Technology: our servant, or our master?

News editor

A good mate of mine has a very big problem with authority and the following should serve to show you the extent of his contempt.

A few years ago the flat we shared was burgled and a police officer was despatched to dust for prints where the burglar was thought to have made good his or her escape.

Much to our incredulity, the police officer suggested we let her take our fingerprints, the theory being that we’d be eliminated from the Met’s enquiries.

I duly gave up my fingerprints as I was confident I’d not burgled my own flat during a bought of drunken somnambulism. My flatmate, however, refused politely and the WPC went on her way.

He later explained that, on principle, he didn’t like the idea of his biometric details being recorded on a national fingerprint database.

Similarly, he baulked a couple years back when airports began trials of backscatter scanners and the like, arguing that airport security was tight (and tedious) enough without machines capable of taking pictures that reveal an intimate level of anatomical detail.

How do we know those images are deleted once through security, he argued.

It isn’t a point I’d thought of, thinking instead of the airline that’s invested $X billion in its fleet and wants to turn a profit each year, the airport operators that want their passengers to safely embark on their flight (and repeat the process as often as possible) and the local authorities who’d rather their emergency services weren’t called upon to deal with an aircraft that’s exploded over their municipality.

Similarly, I’ve no problem with security checks as I’ve no desire to cause harm and finding those that do is surely not such a bad thing?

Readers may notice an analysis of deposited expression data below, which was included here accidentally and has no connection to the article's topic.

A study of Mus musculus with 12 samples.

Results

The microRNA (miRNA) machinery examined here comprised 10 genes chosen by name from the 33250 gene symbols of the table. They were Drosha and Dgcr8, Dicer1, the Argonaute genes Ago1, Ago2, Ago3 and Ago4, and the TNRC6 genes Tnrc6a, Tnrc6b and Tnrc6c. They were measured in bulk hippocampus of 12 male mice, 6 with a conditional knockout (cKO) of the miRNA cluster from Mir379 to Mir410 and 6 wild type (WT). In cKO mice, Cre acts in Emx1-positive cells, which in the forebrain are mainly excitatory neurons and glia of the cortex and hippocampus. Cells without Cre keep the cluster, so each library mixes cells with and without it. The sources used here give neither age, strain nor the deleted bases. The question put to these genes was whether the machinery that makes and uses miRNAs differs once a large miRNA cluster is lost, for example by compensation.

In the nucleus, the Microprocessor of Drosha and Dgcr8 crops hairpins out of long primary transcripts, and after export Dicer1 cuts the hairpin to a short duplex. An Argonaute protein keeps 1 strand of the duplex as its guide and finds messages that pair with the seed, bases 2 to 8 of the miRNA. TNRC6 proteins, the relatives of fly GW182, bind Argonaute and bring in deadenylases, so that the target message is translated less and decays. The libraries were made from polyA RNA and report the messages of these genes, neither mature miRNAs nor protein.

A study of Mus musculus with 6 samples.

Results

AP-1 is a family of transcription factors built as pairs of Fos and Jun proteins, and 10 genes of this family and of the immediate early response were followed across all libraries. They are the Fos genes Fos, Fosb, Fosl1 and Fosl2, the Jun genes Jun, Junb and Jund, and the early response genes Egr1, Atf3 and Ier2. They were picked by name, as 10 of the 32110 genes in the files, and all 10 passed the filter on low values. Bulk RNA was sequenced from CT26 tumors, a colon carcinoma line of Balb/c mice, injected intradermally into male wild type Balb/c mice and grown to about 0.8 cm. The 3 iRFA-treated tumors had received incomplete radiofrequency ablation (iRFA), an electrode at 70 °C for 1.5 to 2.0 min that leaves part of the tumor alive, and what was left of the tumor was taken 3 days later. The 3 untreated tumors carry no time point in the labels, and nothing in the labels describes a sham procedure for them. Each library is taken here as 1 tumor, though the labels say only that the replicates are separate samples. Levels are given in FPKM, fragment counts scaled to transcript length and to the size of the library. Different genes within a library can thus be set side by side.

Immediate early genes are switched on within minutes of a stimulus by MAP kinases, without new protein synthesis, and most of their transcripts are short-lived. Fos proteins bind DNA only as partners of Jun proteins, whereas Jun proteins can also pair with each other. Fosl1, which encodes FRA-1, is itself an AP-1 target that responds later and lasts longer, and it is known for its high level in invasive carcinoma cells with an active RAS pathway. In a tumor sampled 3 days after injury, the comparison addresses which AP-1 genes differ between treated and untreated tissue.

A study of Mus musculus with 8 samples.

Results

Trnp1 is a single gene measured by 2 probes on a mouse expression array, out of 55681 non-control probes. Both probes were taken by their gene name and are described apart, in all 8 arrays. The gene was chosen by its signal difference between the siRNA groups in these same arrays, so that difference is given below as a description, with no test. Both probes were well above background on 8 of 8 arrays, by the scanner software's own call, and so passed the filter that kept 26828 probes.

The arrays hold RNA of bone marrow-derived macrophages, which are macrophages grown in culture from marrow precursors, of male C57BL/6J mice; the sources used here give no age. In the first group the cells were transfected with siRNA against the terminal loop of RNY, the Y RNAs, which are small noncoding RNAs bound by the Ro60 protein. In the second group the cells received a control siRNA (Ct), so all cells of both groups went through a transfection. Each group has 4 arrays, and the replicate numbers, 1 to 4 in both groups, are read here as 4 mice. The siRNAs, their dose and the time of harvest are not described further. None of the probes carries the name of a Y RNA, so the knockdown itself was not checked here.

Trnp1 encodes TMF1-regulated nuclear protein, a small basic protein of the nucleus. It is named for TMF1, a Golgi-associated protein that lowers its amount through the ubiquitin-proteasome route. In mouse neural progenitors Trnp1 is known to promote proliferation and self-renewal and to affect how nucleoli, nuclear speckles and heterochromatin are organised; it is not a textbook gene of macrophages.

Clearly, my friend and I take a different view on these issues and its interesting to note the role of technology in helping us form our opinions: in these instances, I see technology as a liberating tool, freeing me from suspicion and allowing me to go about my business. For my friend, technology has the potential to be abused and is therefore viewed with mistrust.

Similar issues to these were raised last night at the Royal Academy of Engineering, which hosted a Battle of Ideas event entitled ‘Can technology set you free?’

No adequate definition of ‘freedom’ was offered and the concept of ‘technology’ seemed to orbit Planet Internet but a number of attendees did raise obvious but valid points about technology and how we choose to use it.

One gentleman opined that humanity can use fissile materials to create nuclear reactors that help sustain life or build nuclear missiles that have the potential to obliterate it.

It was suggested also that technology, and how we use it, amounts to nought without the political will to initiate change for the good of all.

Then it was argued that there’s a danger in over reliance on technology; that the fruits of human invention are mistakenly seen as a panacea for a host of ills, which brings me back to airport security.

All the screening machines in the world can’t account for human fallibility, an example being the case of Umar Farouk Abdulmutallab, the Nigerian dubbed the Underwear Bomber following a failed attempt to detonate an explosive device on board Northwest Airlines Flight 253 from Amsterdam to Detroit on December 25, 2009.

He was able to board the flight despite being on the radar of UK and US intelligence and exhibiting behaviour that should’ve aroused suspicion; the date and destination of travel, the one-way ticket purchased using cash and specification of a seat (19a) near the aircraft’s fuel tanks.

His own father, a successful businessman, is said to have approached the CIA at the US Embassy in Abuja, Nigeria expressing his concerns that his son had ‘gone rogue’.

A failure to share data meant that he appeared on certain US security databases but not others, bringing us back to the idea that political failings (as they apply outside of the legislature) led to Abdulmutallab almost succeeding in his mission.

He managed also to take explosives on board aircraft despite clearing security on flights from Ghana to Amsterdam and then onto Detroit.

This is sobering stuff and brings my mindset closer to that of my old flatmate who dislikes the various forms that technology takes in restricting his liberty and freedom of movement.

After all, technology is no more than a tool and the tool is useless when used incorrectly. What’s the point of screening millions of well-meaning travellers when one young man, already known to security services, can slip through the net?